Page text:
A slow read attack sends legitimate application layer requests, but reads responses very slowly, thus trying to exhaust the server's connection pool. It is achieved by advertising a very small number for the TCP Receive Window size, and at the same time emptying clients' TCP receive buffer slowly, which causes a very low data flow rate.

Sophisticated low-bandwidth Distributed Denial-of-Service Attack
A sophisticated low-bandwidth DDoS attack is a form of DoS that uses less traffic and increases their effectiveness by aiming at a weak point in the victim's system design, i.e., the attacker sends traffic consisting of complicated requests to the system. Essentially, a sophisticated DDoS attack is lower in cost due to its use of less traffic, is smaller in size making it more difficult to identify, and it has the ability to hurt systems which are protected by flow control mechanisms.

(S)SYN flood
A SYN flood occurs when a host sends a flood of TCP/SYN packets, often with a forged sender address. Each of these packets are handled like a connection request, causing the server to spawn a half-open connection, by sending back a TCP/SYN-ACK packet (Acknowledge), and waiting for a packet in response from the sender address (response to the ACK Packet). However, because the sender address is forged, the response never comes. These half-open connections saturate the number of available connections the server can make, keeping it from responding to legitimate requests until after the attack ends.

Teardrop attacks
A teardrop attack involves sending mangled IP fragments with overlapping, oversized payloads to the target machine. This can crash various operating systems because of a bug in their TCP/IP fragmentation re-assembly code. Windows 3.1x, Windows 95 and Windows NT operating systems, as well as versions of Linux prior to versions 2.0.32 and 2.1.63 are vulnerable to this attack.

(Although in September 2009, a vulnerability in Windows Vista was referred to as a "teardrop attack", this targeted SMB2 which is a higher layer than the TCP packets that teardrop used).

One of the fields in an IP header is the “fragment offset” field, indicating the starting position, or offset, of the data contained in a fragmented packet relative to the data in the original packet. If the sum of the offset and size of one fragmented packet differs from that of the next fragmented packet, the packets overlap. When this happens, a server vulnerable to teardrop attacks is unable to reassemble the packets - resulting in a denial-of-service condition.

Telephony denial-of-service (TDoS)
Voice over IP has made abusive origination of large numbers of telephone voice calls inexpensive and readily automated while permitting call origins to be misrepresented through caller ID spoofing.

According to the US Federal Bureau of Investigation, telephony denial-of-service (TDoS) has appeared as part of various fraudulent schemes:

A scammer contacts the victim's banker or broker, impersonating the victim to request a funds transfer. The banker's attempt to contact the victim for verification of the transfer fails as the victim's telephone lines are being flooded with thousands of bogus calls, rendering the victim unreachable.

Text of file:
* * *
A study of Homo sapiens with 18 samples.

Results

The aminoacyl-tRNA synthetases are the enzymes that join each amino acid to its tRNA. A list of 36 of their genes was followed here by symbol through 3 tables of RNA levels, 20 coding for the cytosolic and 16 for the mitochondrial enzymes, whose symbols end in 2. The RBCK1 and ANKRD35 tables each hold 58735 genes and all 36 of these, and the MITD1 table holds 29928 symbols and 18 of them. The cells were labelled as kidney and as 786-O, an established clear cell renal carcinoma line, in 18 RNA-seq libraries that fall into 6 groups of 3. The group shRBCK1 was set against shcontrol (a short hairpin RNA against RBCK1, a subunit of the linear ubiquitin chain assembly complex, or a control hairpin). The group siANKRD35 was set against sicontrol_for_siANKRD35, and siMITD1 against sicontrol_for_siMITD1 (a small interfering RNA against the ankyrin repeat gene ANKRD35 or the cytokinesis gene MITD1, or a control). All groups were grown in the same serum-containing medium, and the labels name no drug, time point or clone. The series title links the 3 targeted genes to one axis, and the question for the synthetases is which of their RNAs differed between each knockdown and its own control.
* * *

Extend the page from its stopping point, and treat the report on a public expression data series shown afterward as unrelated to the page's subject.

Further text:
A scammer contacts consumers with a bogus claim to collect an outstanding payday loan for thousands of dollars. When the consumer objects, the scammer retaliates by flooding the victim's employer with thousands of automated calls. In some cases, displayed caller ID is spoofed to impersonate police or law enforcement agencies.
A scammer contacts consumers with a bogus debt collection demand and threatens to send police; when the victim balks, the scammer floods local police numbers with calls on which caller ID is spoofed to display the victims number. Police soon arrive at the victim's residence attempting to find the origin of the calls.
Telephony denial-of-service can exist even without Internet telephony. In the 2002 New Hampshire Senate election phone jamming scandal, telemarketers were used to flood political opponents with spurious calls to jam phone banks on election day. Widespread publication of a number can also flood it with enough calls to render it unusable, as happened by accident in 1981 with multiple +1-area code-867-5309 subscribers inundated by hundreds of misdialed calls daily in response to the song 867-5309/Jenny.

TDoS differs from other telephone harassment (such as prank calls and obscene phone calls) by the number of calls originated; by occupying lines continuously with repeated automated calls, the victim is prevented from making or receiving both routine and emergency telephone calls.

Related exploits include SMS flooding attacks and black fax or fax loop transmission.

UPnP attack
This attack uses an existing vulnerability in Universal Plug and Play (UPnP) protocol to get around a considerable amount of the present defense methods and flood a target's network and servers. The attack is based on a DNS amplification technique, but the attack mechanism is a UPnP router which forwards requests from one outer source to another disregarding UPnP behavior rules. Using the UPnP router returns the data on an unexpected UDP port from a bogus IP address, making it harder to take simple action to shut down the traffic flood. According to the Imperva researchers, the most effective way to stop this attack is for companies to lock down UPnP routers.